Animal hospice founder faces cruelty charges

Above: Video footage shot in 2009 by undercover PETA investigator at the Angel's Gate animal hospice in Delhi.

Susan Marino, a 60-year-old Delhi resident and the founder of the Angel's Gate animal hospice, has been arrested on five counts of cruelty to animals and one count of possession of a controlled substance.

A press release from the Delaware County District Attorney's office says that Marino was arrested on Friday, arraigned in Kortright town court, and released on her own recognizance.

Marino's arrest is the result of a covert investigation by an animal-rights group, People for the Ethical Treatment of Animals (PETA).

After Marino's arrest last week, PETA immediately issued a blog post declaring "victory," and urging its members to write to state Attorney General Eric Schneiderman in an effort to revoke Angel's Gate's nonprofit status and have the animals removed from the hospice.

In late 2010, PETA sent an undercover investigator to volunteer at Angel's Gate, taking covert notes and video footage on the conditions there. In April of last year, PETA published a video with the footage from Angel's Gate, and called on local and state law enforcement to investigate the facility.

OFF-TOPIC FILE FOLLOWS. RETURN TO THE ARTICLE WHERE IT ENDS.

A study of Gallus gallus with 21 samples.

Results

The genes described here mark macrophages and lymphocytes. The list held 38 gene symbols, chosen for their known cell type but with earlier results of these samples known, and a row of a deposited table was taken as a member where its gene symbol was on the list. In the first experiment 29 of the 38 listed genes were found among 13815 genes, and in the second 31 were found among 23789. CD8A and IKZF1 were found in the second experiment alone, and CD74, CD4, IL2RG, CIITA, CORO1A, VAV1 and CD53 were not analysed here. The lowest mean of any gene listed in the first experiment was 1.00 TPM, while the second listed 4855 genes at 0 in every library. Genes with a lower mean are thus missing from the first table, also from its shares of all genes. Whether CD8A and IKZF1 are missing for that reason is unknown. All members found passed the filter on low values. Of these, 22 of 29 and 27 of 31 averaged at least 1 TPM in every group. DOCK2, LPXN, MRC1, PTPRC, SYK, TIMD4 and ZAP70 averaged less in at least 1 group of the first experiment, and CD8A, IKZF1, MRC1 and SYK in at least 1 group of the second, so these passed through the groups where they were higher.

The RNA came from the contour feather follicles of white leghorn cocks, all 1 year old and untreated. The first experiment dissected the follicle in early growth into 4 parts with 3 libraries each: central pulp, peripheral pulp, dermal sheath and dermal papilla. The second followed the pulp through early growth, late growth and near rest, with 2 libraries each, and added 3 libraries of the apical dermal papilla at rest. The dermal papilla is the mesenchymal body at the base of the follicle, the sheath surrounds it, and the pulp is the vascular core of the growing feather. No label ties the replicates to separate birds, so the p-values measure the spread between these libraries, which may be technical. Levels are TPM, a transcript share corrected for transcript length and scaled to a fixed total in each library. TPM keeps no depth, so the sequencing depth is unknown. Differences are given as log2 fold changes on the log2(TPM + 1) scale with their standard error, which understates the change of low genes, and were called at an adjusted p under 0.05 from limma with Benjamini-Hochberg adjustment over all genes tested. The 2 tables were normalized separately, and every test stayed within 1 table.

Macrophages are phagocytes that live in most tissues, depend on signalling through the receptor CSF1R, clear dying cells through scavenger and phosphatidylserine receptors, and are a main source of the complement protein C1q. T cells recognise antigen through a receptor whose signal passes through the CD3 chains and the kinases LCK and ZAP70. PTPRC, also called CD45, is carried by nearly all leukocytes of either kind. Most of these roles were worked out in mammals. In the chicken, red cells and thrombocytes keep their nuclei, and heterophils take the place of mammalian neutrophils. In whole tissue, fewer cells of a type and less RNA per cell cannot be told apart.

The Times-Union reported on the investigation last year:

In the 26-page complaint, PETA said its undercover agent, who was at Angel's Gate from 21 days at the end of November and beginning of December, witnessed the following:

Paraplegic dogs dragging themselves on the ground until they developed bruises when canine-fitted wheelchairs were readily available; pets covered for days in urine and feces; animals failing to receive prescribed medication and others given prescription medicine without a veterinarian's consent; animals left with only rancid meat to eat; pets with easily treatable medical conditions left uncared for; and carcasses left among living animals for days.

Before the PETA investigation, Marino was something of a celebrity in the animal-rescue world, appearing on Oprah and earning glowing press coverage and awards for her animal hospice work. But fame quickly became notoriety when PETA released the video last year, and the plight of the Angel's Gate animals made national news headlines.

The Daily Star spoke to Marino after her arrest:

The accusations are false, Marino said when reached at Angel's Gate on Friday.

"I'm really sad it came to this. We do good work," she said, adding that her facility was open to inspection.